Many people are quick to justify the murder of a disabled person, when they would offer no such justification if the murder victim were not disabled. -
Zoe Gross, Autistic Self Advocacy Network.
Washington, D.C. (PRWEB) March 27, 2012
Disability rights advocates in cities across America will be holding vigils this Friday, March 30th to honor the lives of disabled people murdered by their families and caretakers. This nation-wide Day of Mourning is being organized by the Autistic Self Advocacy Network(ASAN) and Not Dead Yet in response to the murder of George Hodgins, a 22-year-old autistic man, and the media coverage that the organizations describe as "sympathetic" to his murderer.
On March 6, George Hodgins was reportedly murdered by his mother in Sunnyvale, California. Elizabeth Hodgins killed herself after fatally shooting her son. The Santa Cruz Sentinel referred to Ms. Hodgins as “a devoted and loving mother.” The Mercury News coverage appeared focused on the stress Hodgins' mother underwent as a parent of an autistic child. "Some articles asked readers to put themselves in the shoes of the murderer," said Zoe Gross, a member of ASAN, "but no articles called for empathy for the murder victim, who died knowing that his own parent had chosen to kill him."
ASAN held a vigil for George Hodgins in Sunnyvale on March 16th. During the vigil, mourners read a list of names, beginning with Tracy Latimer, a disabled teenager killed by her father in 1993. (R. v. Latimer, 2001 SCC 1,  1 S.C.R. 3.) At the same time as ASAN’s vigil was being held, Tracy’s father was speaking on a television panel on Canadian Global News, arguing for legalizing the killing of disabled people - in the name of "mercy." The television program was followed by an online liveblog, during which Canadian Global News continued to promote Latimer’s views. Not Dead Yet, a national disability rights group opposed to euthanasia, and other people with disabilities participated through online discussion to challenge Latimer and his fellow pro-euthanasia panel members in a debate during the online blog.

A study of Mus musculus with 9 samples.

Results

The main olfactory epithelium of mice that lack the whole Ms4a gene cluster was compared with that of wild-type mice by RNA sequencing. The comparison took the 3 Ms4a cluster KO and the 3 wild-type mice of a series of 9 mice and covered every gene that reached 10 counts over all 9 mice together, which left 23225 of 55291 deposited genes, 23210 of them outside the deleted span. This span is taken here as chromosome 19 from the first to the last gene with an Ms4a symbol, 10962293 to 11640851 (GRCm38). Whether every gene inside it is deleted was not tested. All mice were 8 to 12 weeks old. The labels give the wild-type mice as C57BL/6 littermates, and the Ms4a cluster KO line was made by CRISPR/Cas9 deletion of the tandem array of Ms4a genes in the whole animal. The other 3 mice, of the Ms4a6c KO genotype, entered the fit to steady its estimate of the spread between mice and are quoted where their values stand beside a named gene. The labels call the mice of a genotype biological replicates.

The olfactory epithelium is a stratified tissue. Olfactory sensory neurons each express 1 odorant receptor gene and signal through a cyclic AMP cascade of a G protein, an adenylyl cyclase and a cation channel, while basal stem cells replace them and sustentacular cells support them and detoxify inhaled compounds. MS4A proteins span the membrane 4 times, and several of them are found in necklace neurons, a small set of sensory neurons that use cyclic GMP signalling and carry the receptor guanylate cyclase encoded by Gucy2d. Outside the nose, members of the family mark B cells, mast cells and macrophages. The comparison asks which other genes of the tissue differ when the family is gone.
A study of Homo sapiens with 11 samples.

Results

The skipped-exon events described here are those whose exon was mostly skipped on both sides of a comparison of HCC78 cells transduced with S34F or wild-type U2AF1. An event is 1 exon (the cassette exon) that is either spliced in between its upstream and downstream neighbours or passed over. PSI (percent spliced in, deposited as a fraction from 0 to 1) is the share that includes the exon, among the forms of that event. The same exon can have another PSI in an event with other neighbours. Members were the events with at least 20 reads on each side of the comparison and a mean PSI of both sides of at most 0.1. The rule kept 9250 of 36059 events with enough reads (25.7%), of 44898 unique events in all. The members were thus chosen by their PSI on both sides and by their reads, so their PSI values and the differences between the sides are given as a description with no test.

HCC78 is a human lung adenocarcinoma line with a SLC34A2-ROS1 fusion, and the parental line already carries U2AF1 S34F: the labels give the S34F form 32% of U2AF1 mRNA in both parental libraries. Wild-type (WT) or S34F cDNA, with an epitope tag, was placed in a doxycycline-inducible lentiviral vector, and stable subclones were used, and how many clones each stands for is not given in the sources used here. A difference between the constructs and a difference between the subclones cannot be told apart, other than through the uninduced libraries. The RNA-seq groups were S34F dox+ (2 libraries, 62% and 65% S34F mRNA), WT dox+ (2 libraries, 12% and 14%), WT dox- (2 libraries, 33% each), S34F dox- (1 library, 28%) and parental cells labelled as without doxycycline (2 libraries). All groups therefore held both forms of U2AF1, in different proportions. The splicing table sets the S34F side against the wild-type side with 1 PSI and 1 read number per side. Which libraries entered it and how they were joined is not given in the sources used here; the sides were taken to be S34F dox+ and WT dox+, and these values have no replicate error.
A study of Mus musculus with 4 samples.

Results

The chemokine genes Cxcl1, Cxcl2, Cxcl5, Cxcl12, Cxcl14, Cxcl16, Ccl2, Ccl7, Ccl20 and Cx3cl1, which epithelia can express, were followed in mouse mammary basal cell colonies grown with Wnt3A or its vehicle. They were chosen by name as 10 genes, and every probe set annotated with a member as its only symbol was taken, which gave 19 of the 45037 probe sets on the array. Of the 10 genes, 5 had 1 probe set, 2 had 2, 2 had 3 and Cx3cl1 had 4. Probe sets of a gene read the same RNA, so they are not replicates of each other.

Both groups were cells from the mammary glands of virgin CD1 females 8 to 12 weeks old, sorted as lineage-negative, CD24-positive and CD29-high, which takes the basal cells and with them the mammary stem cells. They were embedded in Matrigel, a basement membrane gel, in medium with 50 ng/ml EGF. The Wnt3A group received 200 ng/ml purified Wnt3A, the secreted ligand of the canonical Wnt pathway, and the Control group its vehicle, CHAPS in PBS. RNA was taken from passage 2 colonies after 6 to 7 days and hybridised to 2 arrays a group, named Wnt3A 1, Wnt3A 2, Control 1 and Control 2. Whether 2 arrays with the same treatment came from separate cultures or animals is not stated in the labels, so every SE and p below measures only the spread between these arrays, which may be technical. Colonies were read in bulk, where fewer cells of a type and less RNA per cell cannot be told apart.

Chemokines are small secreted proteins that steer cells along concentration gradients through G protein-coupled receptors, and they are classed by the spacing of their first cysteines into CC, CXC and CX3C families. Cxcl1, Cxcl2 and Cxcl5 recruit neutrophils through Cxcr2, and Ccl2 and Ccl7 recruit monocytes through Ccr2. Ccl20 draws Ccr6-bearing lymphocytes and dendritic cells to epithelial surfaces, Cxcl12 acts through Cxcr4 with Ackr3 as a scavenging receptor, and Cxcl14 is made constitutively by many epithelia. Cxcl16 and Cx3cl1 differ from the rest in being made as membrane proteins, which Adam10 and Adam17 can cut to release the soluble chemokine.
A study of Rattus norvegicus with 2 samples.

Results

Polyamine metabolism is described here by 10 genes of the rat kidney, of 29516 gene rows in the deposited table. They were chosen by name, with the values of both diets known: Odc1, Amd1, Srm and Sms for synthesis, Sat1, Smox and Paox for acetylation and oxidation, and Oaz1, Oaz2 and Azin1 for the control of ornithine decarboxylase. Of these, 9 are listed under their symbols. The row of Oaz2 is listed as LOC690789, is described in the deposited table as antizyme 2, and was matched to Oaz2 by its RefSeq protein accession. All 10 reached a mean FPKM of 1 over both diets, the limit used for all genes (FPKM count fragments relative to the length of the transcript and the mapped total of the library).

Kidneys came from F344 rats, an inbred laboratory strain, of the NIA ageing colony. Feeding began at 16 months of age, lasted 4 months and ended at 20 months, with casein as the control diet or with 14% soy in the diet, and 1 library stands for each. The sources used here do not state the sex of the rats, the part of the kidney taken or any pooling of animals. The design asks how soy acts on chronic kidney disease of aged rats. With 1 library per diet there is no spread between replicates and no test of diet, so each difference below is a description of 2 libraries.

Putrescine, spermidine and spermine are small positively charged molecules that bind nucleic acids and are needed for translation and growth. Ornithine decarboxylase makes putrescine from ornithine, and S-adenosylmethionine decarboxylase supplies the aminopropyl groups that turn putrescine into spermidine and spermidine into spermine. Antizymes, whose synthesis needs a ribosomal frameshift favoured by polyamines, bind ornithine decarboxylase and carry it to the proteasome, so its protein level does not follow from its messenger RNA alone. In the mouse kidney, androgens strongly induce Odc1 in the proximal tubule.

“When disabled people are murdered by caretakers or family members, many people justify these murders as ‘understandable,’ or talk about the ‘burden’ of caring for someone with a disability,” said Ms. Gross. “This is the view that was aired on Canadian Global News and in many news articles covering the murder of George Hodgins. Many people are quick to justify the murder of a disabled person when they would offer no such justification if the murder victim were not disabled.”
ASAN and Not Dead Yet have declared a National Day of Mourning in response to George Hodgins’ murder, Robert Latimer’s television appearance and what they describe as "the broader trend of sympathetic press coverage for people who murder their disabled family members." On March 30th, disabled people will come together in cities across America to hold vigils and memorial services to honor murder victims with disabilities and to demonstrate to the community that the lives of disabled people have value.
Vigils will be held in cities including Los Angeles, New York, Tampa Bay, Fort Worth, Chicago, Boston, Portland, and Washington, D.C. A complete list of locations and times of Day of Mourning vigils can be found at ASAN’s website, autisticadvocacy.org.